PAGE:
Save for Retirement

Retirement might be the single greatest investment that you will make in your lifetime, maybe even more valuable than putting yourself or your kids through college, than buying a home, cars, or trips around the world.

Think about it. You’d probably like to retire sometime, right? What’s your plan on how to get there? Who knows, with technology, good genes, and even luck, how old you’ll live to be? However long your retirement, you’d probably like to spend those years comfortably. And how specifically would you like to spend those years? Volunteering for your favorite charity? Playing with your grandchildren? Now is the time to think about and start planning for what you want your retirement to be.

That’s why you should start saving right now. The earlier you start saving, the better off you’ll be when you retire. There’s Social Security, but you won’t be able to count only on that. All data is showing that what a couple will receive from Social Security after retirement isn’t really enough to live the way they’d like.

Two types of retirement plans are: Employer Sponsored (such as a 401(k)) and Individual Retirement Accounts (such as IRAs). Talk to your financial professional to see what plan is right for you.

One thing is for sure, retirement plans don’t work unless you take advantage of them. So we suggest you use them! And start today.

The analysis provided by this tool is based soley on the information provided by you. All examples, if any, are hypothetical and for illustrative purposes and do not represent current or future performance of any specific investment. No guarantees are made as to the accuracy of any projection. This information does no serve, either directly or indirectly as legal, financial or tax advice and you should always consult a qualified professional legal, financial and/or tax advisor when making decisions relative to your individual tax situation. All investments carry a degree of risk, and past performance is not a guarantee of future results. Generally speaking, the greater the return, the greater the risk.
Ted Glime
Age:
27
Location:
Austin, TX
Occupation:
Civil Engineer
Current Salary:
$50,000 per year
Martial Status:
Single
Number:
$1,252,561
Ted started a job two years ago and, while he pretty much lives paycheck to paycheck, has been putting a small amount of his salary towards a 401(k). His employer matches it and he knows he’d be silly not to take advantage of that. He’d be missing out on free money. He doesn’t really even miss it because the money is taken out of his check before he sees it. He loves to golf, rock climb and go to happy hour with friends. These can be expensive habits. He worries somewhat about paying off his school loans and credit card debt.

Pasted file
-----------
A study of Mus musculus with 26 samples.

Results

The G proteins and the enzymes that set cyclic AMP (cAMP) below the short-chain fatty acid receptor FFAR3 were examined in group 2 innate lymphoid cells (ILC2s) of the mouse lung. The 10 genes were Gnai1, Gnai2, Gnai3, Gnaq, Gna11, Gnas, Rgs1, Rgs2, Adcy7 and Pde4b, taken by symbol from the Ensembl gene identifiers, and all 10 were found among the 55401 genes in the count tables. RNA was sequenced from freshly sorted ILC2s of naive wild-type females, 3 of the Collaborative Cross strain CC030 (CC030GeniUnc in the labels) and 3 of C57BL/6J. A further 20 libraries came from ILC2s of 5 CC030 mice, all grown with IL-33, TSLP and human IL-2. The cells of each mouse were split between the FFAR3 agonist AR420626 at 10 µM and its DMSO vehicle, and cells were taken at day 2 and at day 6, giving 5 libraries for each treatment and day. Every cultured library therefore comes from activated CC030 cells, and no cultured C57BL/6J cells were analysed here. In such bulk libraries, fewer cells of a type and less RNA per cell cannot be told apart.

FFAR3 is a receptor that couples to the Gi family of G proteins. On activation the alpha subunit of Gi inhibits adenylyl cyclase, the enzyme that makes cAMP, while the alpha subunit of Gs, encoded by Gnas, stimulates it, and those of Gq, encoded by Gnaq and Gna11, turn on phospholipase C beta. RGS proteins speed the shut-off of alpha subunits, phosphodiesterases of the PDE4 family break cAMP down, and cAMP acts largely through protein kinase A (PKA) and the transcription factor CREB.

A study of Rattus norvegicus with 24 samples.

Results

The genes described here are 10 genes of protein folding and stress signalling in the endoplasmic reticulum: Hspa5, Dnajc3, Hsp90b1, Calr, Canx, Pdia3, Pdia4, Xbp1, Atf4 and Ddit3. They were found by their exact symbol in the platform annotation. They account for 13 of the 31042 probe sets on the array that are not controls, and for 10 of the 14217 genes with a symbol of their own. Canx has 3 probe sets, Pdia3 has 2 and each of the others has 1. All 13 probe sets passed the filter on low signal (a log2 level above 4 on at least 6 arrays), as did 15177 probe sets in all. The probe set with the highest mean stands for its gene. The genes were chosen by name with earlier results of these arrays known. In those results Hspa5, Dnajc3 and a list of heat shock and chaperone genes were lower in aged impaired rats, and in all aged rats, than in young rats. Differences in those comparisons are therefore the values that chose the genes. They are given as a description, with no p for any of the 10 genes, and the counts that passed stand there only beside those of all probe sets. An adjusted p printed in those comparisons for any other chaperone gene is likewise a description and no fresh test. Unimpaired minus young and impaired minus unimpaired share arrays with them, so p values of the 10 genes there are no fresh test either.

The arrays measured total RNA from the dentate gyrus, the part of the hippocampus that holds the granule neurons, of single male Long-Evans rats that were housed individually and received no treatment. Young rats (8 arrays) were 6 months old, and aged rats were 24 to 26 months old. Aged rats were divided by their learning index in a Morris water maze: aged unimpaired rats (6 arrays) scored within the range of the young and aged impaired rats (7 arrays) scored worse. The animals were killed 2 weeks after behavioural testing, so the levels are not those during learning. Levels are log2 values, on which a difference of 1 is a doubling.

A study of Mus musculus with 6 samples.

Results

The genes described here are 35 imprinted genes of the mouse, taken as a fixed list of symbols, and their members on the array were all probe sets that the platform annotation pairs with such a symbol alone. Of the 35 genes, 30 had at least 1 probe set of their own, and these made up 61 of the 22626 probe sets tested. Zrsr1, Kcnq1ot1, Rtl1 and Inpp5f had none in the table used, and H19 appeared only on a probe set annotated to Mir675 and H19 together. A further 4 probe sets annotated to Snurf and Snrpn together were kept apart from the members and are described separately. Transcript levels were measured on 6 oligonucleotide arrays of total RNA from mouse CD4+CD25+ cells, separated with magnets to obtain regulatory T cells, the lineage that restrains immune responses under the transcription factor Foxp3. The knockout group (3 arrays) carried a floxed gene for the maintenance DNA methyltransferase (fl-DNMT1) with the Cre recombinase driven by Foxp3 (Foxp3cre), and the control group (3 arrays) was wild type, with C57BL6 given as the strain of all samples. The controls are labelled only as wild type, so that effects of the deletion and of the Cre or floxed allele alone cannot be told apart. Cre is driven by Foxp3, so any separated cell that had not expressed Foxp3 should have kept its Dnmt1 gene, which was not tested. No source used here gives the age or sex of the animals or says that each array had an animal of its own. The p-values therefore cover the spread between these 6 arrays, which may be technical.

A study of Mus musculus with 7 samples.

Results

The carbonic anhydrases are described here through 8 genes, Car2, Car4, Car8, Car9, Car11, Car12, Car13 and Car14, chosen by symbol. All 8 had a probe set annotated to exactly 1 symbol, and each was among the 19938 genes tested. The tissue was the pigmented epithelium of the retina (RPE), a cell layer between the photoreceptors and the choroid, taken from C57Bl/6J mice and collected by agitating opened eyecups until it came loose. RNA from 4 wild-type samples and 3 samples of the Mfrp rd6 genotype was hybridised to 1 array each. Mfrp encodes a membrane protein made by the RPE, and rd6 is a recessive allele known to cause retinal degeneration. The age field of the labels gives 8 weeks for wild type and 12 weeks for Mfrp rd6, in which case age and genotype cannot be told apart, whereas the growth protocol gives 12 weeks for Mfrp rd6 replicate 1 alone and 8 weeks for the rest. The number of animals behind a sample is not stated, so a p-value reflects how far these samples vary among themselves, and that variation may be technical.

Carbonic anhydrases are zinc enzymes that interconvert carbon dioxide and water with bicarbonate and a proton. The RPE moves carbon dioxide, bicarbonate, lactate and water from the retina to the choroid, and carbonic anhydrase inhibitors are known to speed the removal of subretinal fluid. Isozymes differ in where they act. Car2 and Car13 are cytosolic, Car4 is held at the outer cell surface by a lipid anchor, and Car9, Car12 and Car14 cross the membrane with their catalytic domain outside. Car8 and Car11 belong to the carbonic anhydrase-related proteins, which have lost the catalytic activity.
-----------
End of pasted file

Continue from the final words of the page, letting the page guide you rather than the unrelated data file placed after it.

Robert & Denise Carreon
Age:
Both 45
Location:
Denver, CO
Occupation:
He's a lawyer, She's a teacher
Current Salary:
$175,000 per year combined
Martial Status:
Married/Two kids, 9 and 7
Number:
$2,439,189
Robert has been working in law for 20 years. He has been putting quite a bit of money in his 401(k) for all of those years. He also has made money in stocks and buying and selling homes in Denver. Denise taught for 10 years before having her first child. She was a stay at home mom for about 4 years and has recently gone back to teaching. Her job offers a good retirement package and she plans on taking advantage of it. Their kids are expensive! They take piano, play football, have choir practice, tennis lessons and go to private school. Robert and Denise worry about whether they’re saving enough for retirement when they have to be saving for their children’s college and cover daily living expenses.
Charlie & Christine McClure
Age:
He's 64, She's 60
Location:
Holly, MI
Occupation:
Owners of a Diner
Current Salary:
$110,000
Martial Status:
Married, 3 grown children who are out of the house
Number:
$893,483
Charlie and Christine have owned a diner for 30 years. They used money left to Christine after her parents passed, to open it. They started their own savings plan years ago and rolled Charlie's 401(k) money into it when he quit his job as Foreman at a car plant in Detroit. They own a home that's up for sale. They put three children through college and paid for all of their weddings.